June 9, 1941 Williamsburg, Virginia
I am happy for the opportunity to be here this morning. There is so much of uncertainty in obligations these days that it is impossible for me to be sure of personal plans more than a few hours in advance of the scheduled moment. I am deeply gratified by the honor of the degree that has just been conferred on me. The distinction of this degree particularly appeals to me because of the implications to be drawn from the history of this institution in relation to the situation in which this country now finds itself.
If you will pardon me for being a little personal in developing my thoughts this morning, I first acquired a special interest in this college following a visit to the site of old Fort Kaskaskia in southern Illinois. To my surprise I learned that that remote locality was once conceived to be a part of the State of Virginia. The instructions which led to the dramatic capture of that picturesque little garrison led me back to Williamsburg, to the Governor of that day, Patrick Henry, and his advisers at the moment, Thomas Jefferson and George Wythe, I believe, and I found myself in the atmosphere of the early days of the College of William and Mary.
Incidentally, that famous expedition of George Rogers Clark involves some curious contrasts to similar affairs today. He received his orders from Patrick Henry here in Williamsburg on January 2nd . He started bare-handed, without troops, without equipment or munitions—all had to be organized or created. Six months later, on July 4th he had traversed nearly a thousand miles, surprised and captured his objective. The troops had been organized, armed, trained, and provided with ammunition and supplies. Each man provided his weapons, I suppose. Here is the curious phase of contrast—the necessary armed force could be created, equipped within sixty days, and carried 1,000 miles to its objective within six months; today it might cover one thousand miles in a matter of three hours, but the provision of the equipment would involve several years.
You young ladies and gentlemen have a great tradition for your guidance, a great heritage. At no previous moment in our history, I believe, has this held more of importance or significance. The founder of this institution, a determined and hard-headed cleric, went to London to secure the charter and funds. England was at war; money for educational purposes was out of the question. Yet he secured the charter and arranged for the financing of the college; he would not be denied. This college is older than the flag it flies. More than once it has been burnt and rebuilt, more than once it has been taken over by enemy forces and later reconditioned. Its history is the exemplification of the persistence of an ideal. Its graduates have performed more important duties in the development of this country than the graduates of any other institution. Whether they served their community or their country, in the state or the church, in the school or in the professions, they all demonstrated that outstanding quality of integrity. Their friends could depend on them; their country, which acknowledged their leadership, could depend on them. I wish those of our people today who are weak in spirit could be here this morning to derive inspiration from these surroundings.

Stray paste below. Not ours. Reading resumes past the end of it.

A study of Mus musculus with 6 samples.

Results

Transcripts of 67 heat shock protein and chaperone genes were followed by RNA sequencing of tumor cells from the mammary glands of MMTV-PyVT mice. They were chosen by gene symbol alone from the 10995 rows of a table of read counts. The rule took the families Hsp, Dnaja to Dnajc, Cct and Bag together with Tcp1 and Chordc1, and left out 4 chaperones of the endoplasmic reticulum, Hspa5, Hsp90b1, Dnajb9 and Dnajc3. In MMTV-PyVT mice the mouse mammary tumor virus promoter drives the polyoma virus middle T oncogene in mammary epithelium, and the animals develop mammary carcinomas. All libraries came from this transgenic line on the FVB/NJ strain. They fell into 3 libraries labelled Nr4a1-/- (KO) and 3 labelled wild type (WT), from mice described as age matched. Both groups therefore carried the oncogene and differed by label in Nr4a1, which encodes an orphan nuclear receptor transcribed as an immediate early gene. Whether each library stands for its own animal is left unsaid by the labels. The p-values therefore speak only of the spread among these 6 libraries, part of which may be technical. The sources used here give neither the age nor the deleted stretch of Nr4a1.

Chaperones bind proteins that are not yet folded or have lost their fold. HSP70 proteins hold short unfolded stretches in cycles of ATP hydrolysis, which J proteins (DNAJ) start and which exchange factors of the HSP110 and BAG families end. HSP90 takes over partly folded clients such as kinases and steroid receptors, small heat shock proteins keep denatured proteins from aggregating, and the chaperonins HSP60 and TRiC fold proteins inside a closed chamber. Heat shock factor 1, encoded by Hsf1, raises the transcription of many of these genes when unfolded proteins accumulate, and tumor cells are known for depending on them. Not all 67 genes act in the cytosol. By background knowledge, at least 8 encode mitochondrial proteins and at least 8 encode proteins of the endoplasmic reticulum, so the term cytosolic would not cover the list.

It is true that we are living in a strange and unpredictable period. No idea seems too preposterous, no theory has not its defenders. At a time when civilization, according to our crude appreciation, reached a summit in achievements, we find ourselves in a great catastrophe, in which all our ideals are in dispute, the relationship between the individual and the community, between citizens and the government, between men and their God—all are questioned, all are attacked. The things of the spirit which have enabled this college to endure, which guided the great men of its early days, these seem to be trembling on the verge of the discard. The times demand courageous men with unselfish purpose and truly great ideals.
Document Copy Text Source: George C. Marshall Papers, Pentagon Office Collection, Speeches, George C. Marshall Research Library, Lexington, Virginia.
Document Format: Typed draft.
1. Following the awarding to him of a Doctor of Laws degree, Marshall delivered the commencement address at the college.
Recommended Citation: The Papers of George Catlett Marshall, ed. Larry I. Bland, Sharon Ritenour Stevens, and Clarence E. Wunderlin, Jr. (Lexington, Va.: The George C. Marshall Foundation, 1981- ). Electronic version based on The Papers of George Catlett Marshall, vol. 2, “We Cannot Delay,” July 1, 1939-December 6, 1941 (Baltimore and London: The Johns Hopkins University Press, 1986), pp. 530-531.